The "Repertorium Plantarum Succulentarum" (RPS) is an annual index of new names of succulent plants, published since 1950 by the International Organization for Succulent Plant Study (IOS). Starting with volume 21 for 1970, bibliographical data is also included. In their combination RPS is the single most detailed source for succulent plant data, both nomenclatural and bibliographical. From the outset RPS has been supplied to all members of IOS but could also be purchased separately. Starting with volume 61 (November 2011), RPS is being made available in digital form as an ‘open access’ publication.

RPS attempts to list, under separate headings, newly published names of succulent plants and relevant literature on the systematics of these plants. New names noted after the issue for the relevant year has been published are included in later issues. Specialist periodical literature is scanned in full (as available at the libraries at Sukkulenten-Sammlung Zürich (ZSS) and Universität Zürich (Z) or received by the compilers). Also included is information directly supplied to the compilers. It is urgently requested that any reprints of papers not published in readily available botanical literature be sent to the compilers. For further information see pp 2-3 in issue 61.

At present, RPS is compiled by:
Urs Eggli, Sukkulenten-Sammlung Zürich, Mythenquai 88, CH-8002 Zürich, Switzerland
Reto Nyffeler, Institut für Systematische Botanik der Universität Zürich,
Zollikerstrasse 107, CH-8008 Zürich, Switzerland.

A short history of Repertorium Plantarum Succulentarum

The first issue of Repertorium Plantarum Succulentarum (RPS) was produced in 1951 by Michael Roan (1909-2003), one of the founder members of the International Organization for Succulent Plant Study (IOS) in 1950. It listed the ‘majority of the new names [of succulent plants] published the previous year’. The first issue, edited by Roan himself with the help of A.J.A Uitewaal (1899-1963), was published for IOS by the National Cactus & Succulent Society, and the next four (with Gordon Rowley as Associate and later Joint Editor) by Roan’s newly formed British Section of the IOS. For issues 5-12, Gordon Rowley became the sole editor. Issue 6 was published by IOS with assistance by the Acclimatisation Garden Pinya de Rosa, Costa Brava, Spain, owned by Fernando Riviere de Caralt (1904-1992), another founder member of IOS.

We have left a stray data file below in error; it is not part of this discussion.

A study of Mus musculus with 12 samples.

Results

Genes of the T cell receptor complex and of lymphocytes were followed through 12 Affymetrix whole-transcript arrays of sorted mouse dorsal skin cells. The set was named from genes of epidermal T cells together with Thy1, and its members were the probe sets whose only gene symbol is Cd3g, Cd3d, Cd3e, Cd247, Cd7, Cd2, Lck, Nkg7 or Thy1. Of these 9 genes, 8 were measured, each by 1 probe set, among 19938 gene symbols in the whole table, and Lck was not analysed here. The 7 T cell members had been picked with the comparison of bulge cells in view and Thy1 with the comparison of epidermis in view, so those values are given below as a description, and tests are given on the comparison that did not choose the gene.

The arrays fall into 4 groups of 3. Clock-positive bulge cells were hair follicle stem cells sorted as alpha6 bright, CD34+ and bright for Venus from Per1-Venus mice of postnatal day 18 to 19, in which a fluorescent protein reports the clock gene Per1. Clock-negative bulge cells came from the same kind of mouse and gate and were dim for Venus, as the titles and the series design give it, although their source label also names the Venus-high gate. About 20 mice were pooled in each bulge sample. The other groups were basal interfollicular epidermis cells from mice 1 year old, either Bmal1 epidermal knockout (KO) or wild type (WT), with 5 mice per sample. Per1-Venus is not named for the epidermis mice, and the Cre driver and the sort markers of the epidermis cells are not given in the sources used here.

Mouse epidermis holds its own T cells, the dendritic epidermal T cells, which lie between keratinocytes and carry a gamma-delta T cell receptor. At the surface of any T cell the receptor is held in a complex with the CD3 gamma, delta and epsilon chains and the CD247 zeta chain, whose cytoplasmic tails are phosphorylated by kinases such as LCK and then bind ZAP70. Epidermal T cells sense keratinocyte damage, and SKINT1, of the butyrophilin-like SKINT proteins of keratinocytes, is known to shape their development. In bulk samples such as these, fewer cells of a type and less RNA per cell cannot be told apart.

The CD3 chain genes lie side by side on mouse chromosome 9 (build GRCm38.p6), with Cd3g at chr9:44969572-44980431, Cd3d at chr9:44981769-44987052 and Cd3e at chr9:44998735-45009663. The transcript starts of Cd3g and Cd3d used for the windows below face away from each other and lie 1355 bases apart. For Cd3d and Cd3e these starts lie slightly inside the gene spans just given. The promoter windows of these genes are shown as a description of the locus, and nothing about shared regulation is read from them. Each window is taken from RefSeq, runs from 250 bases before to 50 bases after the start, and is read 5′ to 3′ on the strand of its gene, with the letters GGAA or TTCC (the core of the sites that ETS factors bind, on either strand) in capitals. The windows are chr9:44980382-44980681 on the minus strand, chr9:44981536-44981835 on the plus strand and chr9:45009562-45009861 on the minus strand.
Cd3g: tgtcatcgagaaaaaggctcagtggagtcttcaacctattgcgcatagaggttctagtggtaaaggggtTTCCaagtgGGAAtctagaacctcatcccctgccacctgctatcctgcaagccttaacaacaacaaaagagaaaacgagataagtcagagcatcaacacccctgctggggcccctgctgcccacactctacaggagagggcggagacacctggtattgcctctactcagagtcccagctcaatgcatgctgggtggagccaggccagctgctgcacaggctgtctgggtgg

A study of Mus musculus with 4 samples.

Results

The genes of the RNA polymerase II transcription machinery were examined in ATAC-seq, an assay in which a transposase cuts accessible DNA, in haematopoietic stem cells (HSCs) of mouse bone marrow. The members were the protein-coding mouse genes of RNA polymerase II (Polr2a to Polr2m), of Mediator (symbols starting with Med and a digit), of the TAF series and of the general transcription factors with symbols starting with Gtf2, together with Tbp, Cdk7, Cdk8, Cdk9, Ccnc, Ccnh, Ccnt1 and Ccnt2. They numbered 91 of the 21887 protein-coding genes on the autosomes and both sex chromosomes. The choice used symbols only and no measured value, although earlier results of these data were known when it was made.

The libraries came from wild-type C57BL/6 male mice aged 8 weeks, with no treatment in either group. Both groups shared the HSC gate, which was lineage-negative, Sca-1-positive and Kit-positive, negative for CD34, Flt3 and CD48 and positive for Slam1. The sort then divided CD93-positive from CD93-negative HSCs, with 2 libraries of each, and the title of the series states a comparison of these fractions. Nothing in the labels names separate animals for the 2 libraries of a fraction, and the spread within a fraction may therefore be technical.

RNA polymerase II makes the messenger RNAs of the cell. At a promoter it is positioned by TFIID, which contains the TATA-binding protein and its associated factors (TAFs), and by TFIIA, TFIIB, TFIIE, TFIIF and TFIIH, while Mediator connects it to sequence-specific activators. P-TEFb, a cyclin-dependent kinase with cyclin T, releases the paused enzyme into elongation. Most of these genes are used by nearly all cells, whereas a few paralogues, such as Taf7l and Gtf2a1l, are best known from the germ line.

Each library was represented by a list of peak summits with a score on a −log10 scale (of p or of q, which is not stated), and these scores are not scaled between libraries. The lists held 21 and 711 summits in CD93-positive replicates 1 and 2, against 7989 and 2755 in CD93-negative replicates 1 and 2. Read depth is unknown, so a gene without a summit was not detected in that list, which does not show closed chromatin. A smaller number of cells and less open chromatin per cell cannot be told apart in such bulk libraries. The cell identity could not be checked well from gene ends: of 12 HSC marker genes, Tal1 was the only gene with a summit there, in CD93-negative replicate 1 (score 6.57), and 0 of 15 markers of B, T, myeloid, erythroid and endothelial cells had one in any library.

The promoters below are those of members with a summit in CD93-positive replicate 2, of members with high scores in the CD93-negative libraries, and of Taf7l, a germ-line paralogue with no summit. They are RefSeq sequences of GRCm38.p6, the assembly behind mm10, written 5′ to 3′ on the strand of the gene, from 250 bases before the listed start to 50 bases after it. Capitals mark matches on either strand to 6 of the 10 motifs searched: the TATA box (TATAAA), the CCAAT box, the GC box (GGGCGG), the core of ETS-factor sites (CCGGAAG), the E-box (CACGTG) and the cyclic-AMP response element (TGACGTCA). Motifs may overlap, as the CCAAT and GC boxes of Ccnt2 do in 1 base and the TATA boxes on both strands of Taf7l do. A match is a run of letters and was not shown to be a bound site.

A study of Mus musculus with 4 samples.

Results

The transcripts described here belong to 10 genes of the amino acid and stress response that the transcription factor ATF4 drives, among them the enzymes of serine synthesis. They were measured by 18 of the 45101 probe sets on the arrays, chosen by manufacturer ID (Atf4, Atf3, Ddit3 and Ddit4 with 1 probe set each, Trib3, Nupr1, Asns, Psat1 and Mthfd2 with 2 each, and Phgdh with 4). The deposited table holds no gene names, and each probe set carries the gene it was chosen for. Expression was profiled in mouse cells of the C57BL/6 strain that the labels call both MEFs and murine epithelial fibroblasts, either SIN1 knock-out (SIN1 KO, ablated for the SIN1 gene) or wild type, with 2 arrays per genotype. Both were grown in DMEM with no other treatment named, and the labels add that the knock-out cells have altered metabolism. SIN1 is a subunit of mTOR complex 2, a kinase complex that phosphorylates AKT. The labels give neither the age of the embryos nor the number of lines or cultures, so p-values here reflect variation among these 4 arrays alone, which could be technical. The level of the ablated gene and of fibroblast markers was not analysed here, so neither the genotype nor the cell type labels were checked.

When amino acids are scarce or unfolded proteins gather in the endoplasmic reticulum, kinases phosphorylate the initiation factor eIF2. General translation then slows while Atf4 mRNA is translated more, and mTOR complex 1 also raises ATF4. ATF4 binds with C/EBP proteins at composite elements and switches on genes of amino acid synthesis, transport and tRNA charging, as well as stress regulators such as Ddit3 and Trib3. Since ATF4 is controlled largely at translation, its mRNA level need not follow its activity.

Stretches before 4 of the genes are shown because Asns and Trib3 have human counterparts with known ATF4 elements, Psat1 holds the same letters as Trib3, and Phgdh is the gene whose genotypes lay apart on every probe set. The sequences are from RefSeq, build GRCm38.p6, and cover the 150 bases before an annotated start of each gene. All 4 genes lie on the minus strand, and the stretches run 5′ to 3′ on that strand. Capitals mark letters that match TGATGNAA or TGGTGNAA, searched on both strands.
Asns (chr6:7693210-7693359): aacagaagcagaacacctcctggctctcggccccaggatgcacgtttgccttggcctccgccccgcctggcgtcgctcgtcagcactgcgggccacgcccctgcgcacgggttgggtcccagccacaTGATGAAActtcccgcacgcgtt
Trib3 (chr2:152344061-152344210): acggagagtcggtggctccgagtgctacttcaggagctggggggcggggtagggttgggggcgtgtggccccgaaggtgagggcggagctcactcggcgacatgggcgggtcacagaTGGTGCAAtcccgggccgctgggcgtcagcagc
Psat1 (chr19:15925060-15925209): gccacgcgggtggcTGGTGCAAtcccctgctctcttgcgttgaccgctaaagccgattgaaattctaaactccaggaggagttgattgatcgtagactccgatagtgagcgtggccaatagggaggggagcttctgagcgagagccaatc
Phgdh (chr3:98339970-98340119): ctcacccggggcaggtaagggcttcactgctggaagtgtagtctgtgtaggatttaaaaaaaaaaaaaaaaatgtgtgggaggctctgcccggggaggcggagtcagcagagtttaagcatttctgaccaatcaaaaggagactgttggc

In 1957, an arrangement for closer cooperation with the International Association of Plant Taxonomy (IAPT) was reached, and RPS issues 7-22 were published in their Regnum Vegetabile series with the financial support of the International Union of Biological Sciences (IUBS), of which IOS remains a member to this day. Issues 23-25 were published by Abbey Garden Press of Pasadena, California, USA, after which IOS finally resumed full responsibility as publisher with issue 26 (for 1975).

Gordon Rowley retired as editor after the publication of issue 32 (for 1981) along with Len E. Newton, who had assisted him with issues 13 onwards. Starting with issue 33, RPS was compiled and edited by Urs Eggli and Nigel Taylor, who enhanced it by adding data on nomenclatural types and enlarging the ‘Bibliographia’ section, first introduced in issue 20 (for 1969). After issue 45 (for 1994), Nigel Taylor handed over as co-editor to his wife Daniela Zappi, who assisted with issues 46-59. Reto Nyffeler joined the editorial team for issue 55 onwards.

Starting in 1986, a nomenclatural and bibliographical database was created at the Zürich Succulent Plant Collection to compile the individual issues. Over the years all earlier issues were added to this database, making it possible to produce the ‘IOS Index of Names of Cactaceae published 1950-1990’. This was published by the Royal Botanic Gardens Kew in 1991, and followed by an equivalent list for the ‘other succulents’ in 1994.

After 60 issues conventionally printed, Repertorium Plantarum Succulentarum has been made available in digital form in pdf format (‘portable document format’) from issue 61 onwards, as an ‘open access’ publication, accessible over the internet.